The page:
Diversions: November

A selection of essays, articles, and blog posts that inspired me this month.

Frightened, Ignorant and Cowardly is No Way to Go Through Life, Son
John Scalzi makes a coherent argument about how the increased islamophobia in the United States these past few weeks (years?) is shortsighted, and the result of pure bigotry.

The Mother of All Questions
What is happiness, and why is our contemporary writing on happiness so focused on striving towards it, instead of finding it wherever we are?

On the Existential Beauty of Peanuts
One of the things I’ve always loved about Peanuts was its willingness to explore pathos, melancholy, and futility—all wrapped up in a comic strip about children.

The True Costs of Driving
Confirmation of something we all knew: driving is a heavily-subsidized form of transportation. I wonder how many people would choose alternate forms of transportation if they actually had to pay the real cost of driving.

How our housing choices make adult friendships more difficult
One of the best parts of living in our current neighborhood is that we are forced to interact with people in the neighborhood, in a spontaneous, random way, just by its design. The contemporary suburb is removing that serendipity.

How To Make New Friends As An Adult, And Why
I’ve had no issues with making friends in adulthood, but quite a few people have told me that they find it tricky. This is a pretty good article that breaks down some ways to make new friends as you get older.

The Science Hidden In Your Town Name
The names of our cities say a lot about their nature—if only we could remember what they all mean. I like that Toronto means “where there are trees in water.”

Confessions of a Paywall Journalist
Many of my colleagues ask me how I’m so quickly in the loop about all the policies and discussions happening at a political level in my line of work. The not-so-secret answer is that I read a lot of trade policy publications, so this was a fascinating read about how they operate.

As Books Disappear, Libraries Are Still Transforming the World
I’ve been having a lot of conversations about libraries and their role in civic discourse, but had completely ignored their role in international development.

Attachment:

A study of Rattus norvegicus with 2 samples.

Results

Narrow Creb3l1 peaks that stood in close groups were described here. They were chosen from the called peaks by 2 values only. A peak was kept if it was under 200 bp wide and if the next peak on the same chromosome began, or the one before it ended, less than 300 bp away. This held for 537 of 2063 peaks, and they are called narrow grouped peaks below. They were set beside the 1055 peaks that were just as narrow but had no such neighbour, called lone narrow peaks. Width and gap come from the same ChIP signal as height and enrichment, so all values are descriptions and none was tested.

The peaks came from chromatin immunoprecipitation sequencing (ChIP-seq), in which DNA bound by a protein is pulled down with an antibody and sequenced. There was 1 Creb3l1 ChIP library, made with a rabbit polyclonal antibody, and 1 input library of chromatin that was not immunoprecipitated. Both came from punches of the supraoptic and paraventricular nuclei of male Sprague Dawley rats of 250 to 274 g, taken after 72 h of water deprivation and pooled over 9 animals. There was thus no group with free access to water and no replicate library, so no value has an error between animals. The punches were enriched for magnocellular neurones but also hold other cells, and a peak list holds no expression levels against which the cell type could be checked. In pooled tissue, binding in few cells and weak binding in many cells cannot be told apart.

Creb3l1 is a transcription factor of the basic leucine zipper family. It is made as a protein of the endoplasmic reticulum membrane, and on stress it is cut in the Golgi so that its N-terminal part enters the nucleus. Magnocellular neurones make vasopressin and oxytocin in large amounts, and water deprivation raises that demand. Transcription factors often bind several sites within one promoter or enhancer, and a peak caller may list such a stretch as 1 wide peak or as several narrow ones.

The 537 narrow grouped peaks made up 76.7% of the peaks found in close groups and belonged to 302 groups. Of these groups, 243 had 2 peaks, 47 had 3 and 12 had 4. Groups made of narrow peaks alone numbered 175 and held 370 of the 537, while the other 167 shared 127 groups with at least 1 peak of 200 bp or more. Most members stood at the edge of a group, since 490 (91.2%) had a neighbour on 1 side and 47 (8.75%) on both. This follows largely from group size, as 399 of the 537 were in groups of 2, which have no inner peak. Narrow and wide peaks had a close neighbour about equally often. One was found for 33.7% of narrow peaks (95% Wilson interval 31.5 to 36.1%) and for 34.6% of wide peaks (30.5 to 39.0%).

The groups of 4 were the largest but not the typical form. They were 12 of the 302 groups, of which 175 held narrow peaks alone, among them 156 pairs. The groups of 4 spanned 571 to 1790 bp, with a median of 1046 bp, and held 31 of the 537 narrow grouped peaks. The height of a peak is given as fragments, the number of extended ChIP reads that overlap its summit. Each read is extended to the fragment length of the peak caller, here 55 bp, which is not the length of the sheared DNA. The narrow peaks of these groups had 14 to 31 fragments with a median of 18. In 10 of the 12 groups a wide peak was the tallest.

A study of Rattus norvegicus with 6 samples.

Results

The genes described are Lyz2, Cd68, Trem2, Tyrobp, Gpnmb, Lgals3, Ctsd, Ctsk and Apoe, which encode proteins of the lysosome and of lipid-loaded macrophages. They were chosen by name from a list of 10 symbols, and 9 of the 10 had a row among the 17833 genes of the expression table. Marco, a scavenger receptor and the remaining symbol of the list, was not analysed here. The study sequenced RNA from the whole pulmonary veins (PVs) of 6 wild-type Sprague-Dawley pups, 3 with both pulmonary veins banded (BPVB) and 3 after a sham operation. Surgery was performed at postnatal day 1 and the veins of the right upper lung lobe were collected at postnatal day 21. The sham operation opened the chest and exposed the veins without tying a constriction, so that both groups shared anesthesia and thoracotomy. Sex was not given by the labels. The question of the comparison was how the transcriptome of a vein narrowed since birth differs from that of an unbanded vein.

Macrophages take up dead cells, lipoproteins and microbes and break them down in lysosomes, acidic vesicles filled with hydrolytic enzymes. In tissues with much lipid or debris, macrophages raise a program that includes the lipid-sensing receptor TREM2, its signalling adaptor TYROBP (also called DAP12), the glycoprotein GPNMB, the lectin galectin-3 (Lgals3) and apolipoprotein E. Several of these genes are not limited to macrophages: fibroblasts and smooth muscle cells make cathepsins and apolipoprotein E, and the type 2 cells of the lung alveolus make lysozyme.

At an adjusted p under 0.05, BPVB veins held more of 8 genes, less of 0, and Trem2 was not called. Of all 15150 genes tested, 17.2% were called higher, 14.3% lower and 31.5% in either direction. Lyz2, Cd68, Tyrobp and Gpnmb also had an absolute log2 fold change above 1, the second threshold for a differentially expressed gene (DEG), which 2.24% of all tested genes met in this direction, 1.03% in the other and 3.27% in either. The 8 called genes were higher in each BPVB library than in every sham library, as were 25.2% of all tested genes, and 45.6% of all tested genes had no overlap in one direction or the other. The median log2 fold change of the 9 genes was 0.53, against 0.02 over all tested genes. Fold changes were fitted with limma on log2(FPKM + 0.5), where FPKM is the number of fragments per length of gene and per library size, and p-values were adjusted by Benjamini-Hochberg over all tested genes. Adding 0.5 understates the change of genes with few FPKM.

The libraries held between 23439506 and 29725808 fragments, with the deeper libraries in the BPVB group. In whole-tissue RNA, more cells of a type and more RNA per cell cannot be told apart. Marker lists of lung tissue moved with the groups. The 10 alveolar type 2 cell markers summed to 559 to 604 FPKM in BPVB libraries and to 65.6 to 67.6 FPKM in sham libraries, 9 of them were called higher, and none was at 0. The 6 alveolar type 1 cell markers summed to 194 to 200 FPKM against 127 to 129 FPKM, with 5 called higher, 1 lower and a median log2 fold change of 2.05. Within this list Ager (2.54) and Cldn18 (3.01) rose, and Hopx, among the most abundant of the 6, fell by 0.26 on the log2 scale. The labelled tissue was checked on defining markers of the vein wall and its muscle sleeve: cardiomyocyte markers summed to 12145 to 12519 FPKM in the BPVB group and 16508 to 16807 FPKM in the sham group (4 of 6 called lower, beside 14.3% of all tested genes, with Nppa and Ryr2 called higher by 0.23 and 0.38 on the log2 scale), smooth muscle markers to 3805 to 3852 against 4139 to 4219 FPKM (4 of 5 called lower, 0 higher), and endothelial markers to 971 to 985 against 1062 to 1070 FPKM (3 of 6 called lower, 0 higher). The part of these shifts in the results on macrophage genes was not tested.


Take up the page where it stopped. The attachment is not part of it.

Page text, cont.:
Here’s What Happens When You Put More Women in Government
Very proud of our new government being interested in a diversity of representation in Cabinet; now, the rest of the country needs to catch up.

Chicken Nugget Smackdown
As an avid fan of the fast-food chicken nugget (I know, I know), I could have told you that Wendy’s was the clear winner before reading this analysis.

The Most Common Job In Each State 1978-2014
Incredible how, over the years, certain jobs (secretary, truck driver) have dominated the entire country’s employment landscape.

Every Episode of Saved By The Bell, Ranked
Almost impossible to argue with this list. Was nice to revisit all those episodes again, years later.

Griever
There are certain pieces of fiction that are so haunting that they stay with you for a long time. This is one of those pieces.

How To Argue Without Ruining Your Relationship
One of the hallmarks of an excellent relationship, I’ve heard over and over again, is the ability to argue in a productive, loving way. I’m so glad that I’m in one of those wonderful relationships.

Gasp! A Breathing Puzzle
I never thought that a dissertation on the science of insect breathing could be this fascinating.

On Master of None, the Kids Are All Right, But the Parents Are Better
We’ve only watched a few episodes of Aziz Ansari’s show so far, but the second episode, about immigrant parents, continues to resonate.

Unfollow: Conversion via Twitter
A fascinating look at the former voice of the Westboro Baptist Church, and how and why she left.

On What People Think
Life mantra: “Be generous… it’s so much easier to be a critic than to be a celebrator. To understand and to be understood, these are among life’s greatest gifts, and every interaction is an opportunity to exchange them.”